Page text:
Medical College of Wisconsin researcher to study ear infections
The Medical College of Wisconsin (MCW) and Children’s Hospital of Wisconsin Research Institute received a five-year, $1.6 million grant from the National Institutes of Health’s National Institute on Deafness and Other Communication Disorders. The study will investigate ear infections and explore potential new treatments.
Joseph E. Kerschner, MD, professor of otolaryngology and communication sciences, dean of the medical school and executive vice president of the Medical College, otolaryngologist at Children’s Hospital, and researcher at the Research Institute, principal investigator for the grant.
Infections of the middle ear are the most frequent diagnosis in pediatric patients in the U.S., affecting more than 90% of all children by age five. They are also the most common cause of hearing loss in young children, which can lead to speech, language, educational and other developmental delays. Treatment in the United States consumes more than 30 million clinical visits each year and more than $5 billion in health care expenditures.
This study will investigate mucins, which are fluids that build up behind the eardrums in some children following ear infections and cause hearing loss. Using clinical specimens, animal models and cellular models, molecular techniques will be used to better understand how mucins form in children with chronic ear infections.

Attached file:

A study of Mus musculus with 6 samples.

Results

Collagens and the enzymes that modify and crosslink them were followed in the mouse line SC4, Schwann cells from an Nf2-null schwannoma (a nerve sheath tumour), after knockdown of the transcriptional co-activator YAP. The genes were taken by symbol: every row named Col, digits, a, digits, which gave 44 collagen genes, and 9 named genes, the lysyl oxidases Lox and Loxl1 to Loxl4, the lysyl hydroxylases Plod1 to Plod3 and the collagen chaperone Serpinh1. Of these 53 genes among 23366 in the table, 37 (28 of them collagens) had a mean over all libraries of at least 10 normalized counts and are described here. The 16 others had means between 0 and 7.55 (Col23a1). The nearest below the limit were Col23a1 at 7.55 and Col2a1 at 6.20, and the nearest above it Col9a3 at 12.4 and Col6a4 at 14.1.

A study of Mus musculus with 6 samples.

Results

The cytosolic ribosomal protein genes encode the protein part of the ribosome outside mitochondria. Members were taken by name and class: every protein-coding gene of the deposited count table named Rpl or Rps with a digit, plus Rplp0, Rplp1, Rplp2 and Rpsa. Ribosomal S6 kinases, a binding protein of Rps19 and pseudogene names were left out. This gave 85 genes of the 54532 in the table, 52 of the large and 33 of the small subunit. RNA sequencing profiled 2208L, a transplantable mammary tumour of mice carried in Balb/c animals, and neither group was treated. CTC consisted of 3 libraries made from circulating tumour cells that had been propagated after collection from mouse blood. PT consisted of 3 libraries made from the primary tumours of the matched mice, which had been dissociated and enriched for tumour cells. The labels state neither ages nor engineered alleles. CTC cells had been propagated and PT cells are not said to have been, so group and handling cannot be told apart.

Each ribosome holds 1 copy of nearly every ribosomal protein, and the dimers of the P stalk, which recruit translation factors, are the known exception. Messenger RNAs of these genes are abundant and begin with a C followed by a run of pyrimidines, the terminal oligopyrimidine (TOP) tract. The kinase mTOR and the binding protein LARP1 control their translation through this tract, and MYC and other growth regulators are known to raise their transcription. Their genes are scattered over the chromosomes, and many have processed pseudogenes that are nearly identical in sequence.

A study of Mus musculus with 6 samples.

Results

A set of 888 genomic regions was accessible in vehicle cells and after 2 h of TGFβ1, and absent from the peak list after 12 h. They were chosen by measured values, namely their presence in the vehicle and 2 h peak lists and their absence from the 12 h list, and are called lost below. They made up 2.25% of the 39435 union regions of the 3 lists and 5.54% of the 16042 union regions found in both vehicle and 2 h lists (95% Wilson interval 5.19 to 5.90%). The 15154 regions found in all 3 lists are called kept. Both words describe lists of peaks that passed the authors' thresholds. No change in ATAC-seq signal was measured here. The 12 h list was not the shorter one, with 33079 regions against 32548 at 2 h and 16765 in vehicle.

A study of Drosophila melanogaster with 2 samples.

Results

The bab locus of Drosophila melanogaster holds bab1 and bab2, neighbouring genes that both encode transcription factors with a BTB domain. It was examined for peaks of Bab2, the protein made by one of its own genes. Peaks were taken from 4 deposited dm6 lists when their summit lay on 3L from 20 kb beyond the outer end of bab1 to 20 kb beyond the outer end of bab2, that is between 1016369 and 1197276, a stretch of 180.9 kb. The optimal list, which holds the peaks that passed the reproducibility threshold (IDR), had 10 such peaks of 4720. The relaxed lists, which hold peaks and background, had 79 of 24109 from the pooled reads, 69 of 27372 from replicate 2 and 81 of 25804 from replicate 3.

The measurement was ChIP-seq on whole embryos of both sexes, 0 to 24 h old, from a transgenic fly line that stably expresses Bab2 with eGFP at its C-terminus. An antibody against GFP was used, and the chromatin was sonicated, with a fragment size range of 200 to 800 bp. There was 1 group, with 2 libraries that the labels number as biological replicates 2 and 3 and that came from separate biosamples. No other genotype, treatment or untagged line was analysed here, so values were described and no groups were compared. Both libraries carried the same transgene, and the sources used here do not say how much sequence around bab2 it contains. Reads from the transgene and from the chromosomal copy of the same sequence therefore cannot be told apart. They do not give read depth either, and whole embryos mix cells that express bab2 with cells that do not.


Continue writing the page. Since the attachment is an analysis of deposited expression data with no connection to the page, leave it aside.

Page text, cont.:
Dr. Kerschner is collaborating with the Center for Genomic Sciences in Pittsburgh, Pa., on this project. Additional collaborators in Dr. Kerschner’s laboratory at MCW include Wenzhou Hong, PhD, DVM, assistant professor of otolaryngology; Pippa Simpson, PhD, professor and director of quantitative health sciences; Robert Chun, MD, assistant professor of otolaryngology; Michael McCormick, MD, assistant professor of otolaryngology; Kristina Keppel, MSN, APNP, DNP in pediatric otolaryngology at Children’s Hospital; P.J. Khampang, research associate; and Christy Erbe, lab manager.
This research will advance knowledge of this disease toward the long-term goal of developing new therapies to treat ear infections and prevent them from causing hearing loss and other serious complications.